Things can get complicated when more than two cars get into an accident. Most of the time, the damage to the cars and the injuries to the people involved are much worse. Determining who is responsible for the harm caused by various impacts can be more difficult.
If you were in a multi-car accident in Florida, you shouldn’t let the challenge of proving who is at fault stop you from seeking compensation. You may be able to recover money for the losses you have suffered. A car accident lawyer from Fasig | Brooks can help you through the necessary steps.
Let’s take a moment to learn more about how liability works in Florida multi-vehicle accident claims.
Determining Fault in a Florida Multi-Car Accident FAQ
People often have questions about who is at fault in a multi-car accident in Florida, so we have compiled a list of frequently asked questions to help make your decision to pursue a claim easier.
Can I Be Held Liable for My Own Injuries in a Florida Multi-Vehicle Crash?
In Florida, courts use a legal theory called “pure comparative negligence” to figure out who is responsible for damages caused by a multi-car accident when more than one person could be at fault.
Under pure comparative negligence, the court must determine how much each person contributed to the accident and determine how compensation will be ordered.
For instance, if Motorist A wasn’t wearing a seatbelt at the time of a multi-car collision that was solely the fault of Motorist B, the court might determine that Motorist A was 40% to blame for their own injuries. As a result, Motorist A can only sue Motorist B for 60% of the total losses.
Can Multiple Parties Be Blamed for a Multiple Car Accident in Florida?
There can be more than two parties held liable for the accident. For instance, if four drivers were equally at fault, the court might mandate that each driver pay 25% of the total damages. Depending on the specifics of an accident, liability could be assigned to:
- All of the drivers in the crash
- One negligent driver who caused the accident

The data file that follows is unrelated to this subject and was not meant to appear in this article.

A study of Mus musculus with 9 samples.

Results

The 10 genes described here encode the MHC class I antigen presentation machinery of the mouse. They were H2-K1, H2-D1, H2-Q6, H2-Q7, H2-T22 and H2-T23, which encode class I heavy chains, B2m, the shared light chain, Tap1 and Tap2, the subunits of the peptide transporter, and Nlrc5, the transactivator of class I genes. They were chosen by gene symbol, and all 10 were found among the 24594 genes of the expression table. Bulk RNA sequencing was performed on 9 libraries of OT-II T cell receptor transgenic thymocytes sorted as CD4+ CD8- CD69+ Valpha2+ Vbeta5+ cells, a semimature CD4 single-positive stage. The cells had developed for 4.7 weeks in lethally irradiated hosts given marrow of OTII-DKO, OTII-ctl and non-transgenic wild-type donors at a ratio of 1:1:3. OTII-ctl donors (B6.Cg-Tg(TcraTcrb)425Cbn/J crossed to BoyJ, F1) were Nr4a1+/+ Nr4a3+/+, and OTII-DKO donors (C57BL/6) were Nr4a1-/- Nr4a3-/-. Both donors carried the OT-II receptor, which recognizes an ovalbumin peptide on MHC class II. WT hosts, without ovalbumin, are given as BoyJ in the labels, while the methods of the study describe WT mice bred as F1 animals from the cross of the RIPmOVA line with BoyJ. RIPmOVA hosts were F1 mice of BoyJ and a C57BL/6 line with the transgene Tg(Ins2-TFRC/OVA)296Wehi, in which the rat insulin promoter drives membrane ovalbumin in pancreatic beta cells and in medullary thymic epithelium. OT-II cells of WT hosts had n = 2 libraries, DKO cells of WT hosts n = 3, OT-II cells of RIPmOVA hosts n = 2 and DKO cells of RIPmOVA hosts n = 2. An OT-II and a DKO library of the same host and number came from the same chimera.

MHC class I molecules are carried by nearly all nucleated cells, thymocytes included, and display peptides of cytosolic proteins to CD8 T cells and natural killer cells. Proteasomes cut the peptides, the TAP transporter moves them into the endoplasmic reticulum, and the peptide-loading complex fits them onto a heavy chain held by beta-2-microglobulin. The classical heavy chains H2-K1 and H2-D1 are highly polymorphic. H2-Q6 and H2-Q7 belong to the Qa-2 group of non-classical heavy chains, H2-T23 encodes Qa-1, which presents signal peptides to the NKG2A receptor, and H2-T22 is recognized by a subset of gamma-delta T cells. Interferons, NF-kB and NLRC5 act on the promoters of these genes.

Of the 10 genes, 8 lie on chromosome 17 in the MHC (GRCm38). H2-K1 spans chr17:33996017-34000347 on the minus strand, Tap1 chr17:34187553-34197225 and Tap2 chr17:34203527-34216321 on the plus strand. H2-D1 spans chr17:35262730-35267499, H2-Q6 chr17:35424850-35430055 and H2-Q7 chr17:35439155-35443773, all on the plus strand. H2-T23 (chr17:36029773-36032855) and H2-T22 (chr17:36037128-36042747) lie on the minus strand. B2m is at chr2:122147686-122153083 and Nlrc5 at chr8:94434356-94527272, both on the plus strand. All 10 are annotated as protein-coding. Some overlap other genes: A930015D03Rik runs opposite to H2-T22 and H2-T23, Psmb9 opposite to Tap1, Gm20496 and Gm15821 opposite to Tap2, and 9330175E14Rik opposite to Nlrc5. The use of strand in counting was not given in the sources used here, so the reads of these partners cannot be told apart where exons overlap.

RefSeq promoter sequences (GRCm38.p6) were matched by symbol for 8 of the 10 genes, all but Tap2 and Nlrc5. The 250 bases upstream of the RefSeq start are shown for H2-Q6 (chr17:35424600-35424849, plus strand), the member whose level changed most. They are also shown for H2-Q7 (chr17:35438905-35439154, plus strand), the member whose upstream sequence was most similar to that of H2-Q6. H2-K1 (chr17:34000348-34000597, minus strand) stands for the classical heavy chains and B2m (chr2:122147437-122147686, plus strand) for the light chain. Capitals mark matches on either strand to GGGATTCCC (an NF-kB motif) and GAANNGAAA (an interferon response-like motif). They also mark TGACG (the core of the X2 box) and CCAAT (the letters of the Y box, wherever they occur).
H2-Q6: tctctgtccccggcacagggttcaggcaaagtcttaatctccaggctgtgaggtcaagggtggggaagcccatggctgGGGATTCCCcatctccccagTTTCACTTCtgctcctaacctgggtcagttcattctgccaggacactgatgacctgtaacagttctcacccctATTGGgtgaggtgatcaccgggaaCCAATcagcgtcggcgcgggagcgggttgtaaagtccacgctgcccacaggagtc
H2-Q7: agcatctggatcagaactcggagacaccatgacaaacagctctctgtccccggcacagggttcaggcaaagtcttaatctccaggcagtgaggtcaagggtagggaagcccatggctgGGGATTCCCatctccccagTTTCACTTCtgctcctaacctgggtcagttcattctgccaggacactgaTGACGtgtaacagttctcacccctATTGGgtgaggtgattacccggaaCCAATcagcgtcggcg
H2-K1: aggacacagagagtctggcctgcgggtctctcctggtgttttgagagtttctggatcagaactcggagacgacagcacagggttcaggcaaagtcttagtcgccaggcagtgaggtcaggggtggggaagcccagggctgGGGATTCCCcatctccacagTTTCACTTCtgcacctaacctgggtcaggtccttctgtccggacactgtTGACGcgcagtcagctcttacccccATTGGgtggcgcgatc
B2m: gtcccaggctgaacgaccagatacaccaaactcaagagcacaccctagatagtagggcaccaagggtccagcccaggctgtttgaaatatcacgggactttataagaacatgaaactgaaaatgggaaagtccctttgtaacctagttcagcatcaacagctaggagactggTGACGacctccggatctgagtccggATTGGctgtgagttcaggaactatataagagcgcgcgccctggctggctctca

- Some of the drivers involved
- A third party, such as a pedestrian
- A municipal entity responsible for road conditions and traffic signals
- The makers of a faulty vehicle part
Many things can cause pile-ups or accidents with more than one car in Florida. Some accidents involve mistakes made by people, while others are caused by the environment or the manufacturers of faulty brakes. This is why having an attorney on your side can greatly benefit your claim.
Who Is Responsible for a Multi-Vehicle Rear-End Collision?
In general, the person who initiated the collision should be liable. For example, Driver A is stopped at a stop sign, and Driver B is stopped behind him. Driver C is drinking and driving and rear-ends Driver B with great force.
Driver B’s vehicle plows into the back of Driver A’s vehicle. Driver A would not have been hit if it weren’t for Driver C’s careless behavior, so in this situation, Driver C would be liable for the damages to both Drivers A and B.
Who Would Be Liable for a Head-On Collision Multi-Car Crash in Florida?
Most of the time, the driver who crossed into the other driver’s lane is to blame for a head-on collision. A vehicle drifted into oncoming traffic and hit an oncoming car. This sends the oncoming car backward and into a different car.
In this case, the car that caused the initial accident by drifting into the opposite lane is responsible for the entire accident.
However, if a car is hit and pushed into oncoming traffic and collides with an oncoming vehicle, the car that pushed him out of his lane would be at fault.
This scenario only involves 3 cars and no other outside influences. The situation with 4 or more cars and insurance providers can be extremely complex. It’s best to work with a car accident attorney in a multi-car crash in Florida to protect your rights and financial interests.
How do I Prove Negligence in a Multi-Vehicle Pileup in Florida?
In light of what we’ve learned about how the law divides up responsibility for multiple-vehicle accidents, you might ask how liability is assigned in settlements involving, say, a three-car intersection collision.
Whether a judge, a jury, or the lawyers involved in a settlement determine who is at fault, they must do so based on the evidence at hand. In cases of multi-car accidents, the participants and witness accounts can vary widely.
People will almost always have a different idea of what really happened, and the evidence you collect and present can make or break your case.
A car accident lawyer from Fasig | Brooks can help to gather and analyze evidence such as:
- Documentation of the damage to cars involved in the crash
- Medical bills and documentation
- Witness statements
- Police reports
- Traffic violations of the drivers
- Evidence at the scene of the accident
- Physician statements
- Traffic camera or surveillance footage
- Witness cellphone or dashcam video
Contact a Lawyer to Learn More About Liability in a Multi-Vehicle Crash in Florida
No matter how many cars were involved in a crash, vehicle accident claims can be difficult to manage.
An attorney can review the details of your crash and protect your interests to maximize your claim’s value. If you have questions, reach out to Fasig | Brooks today.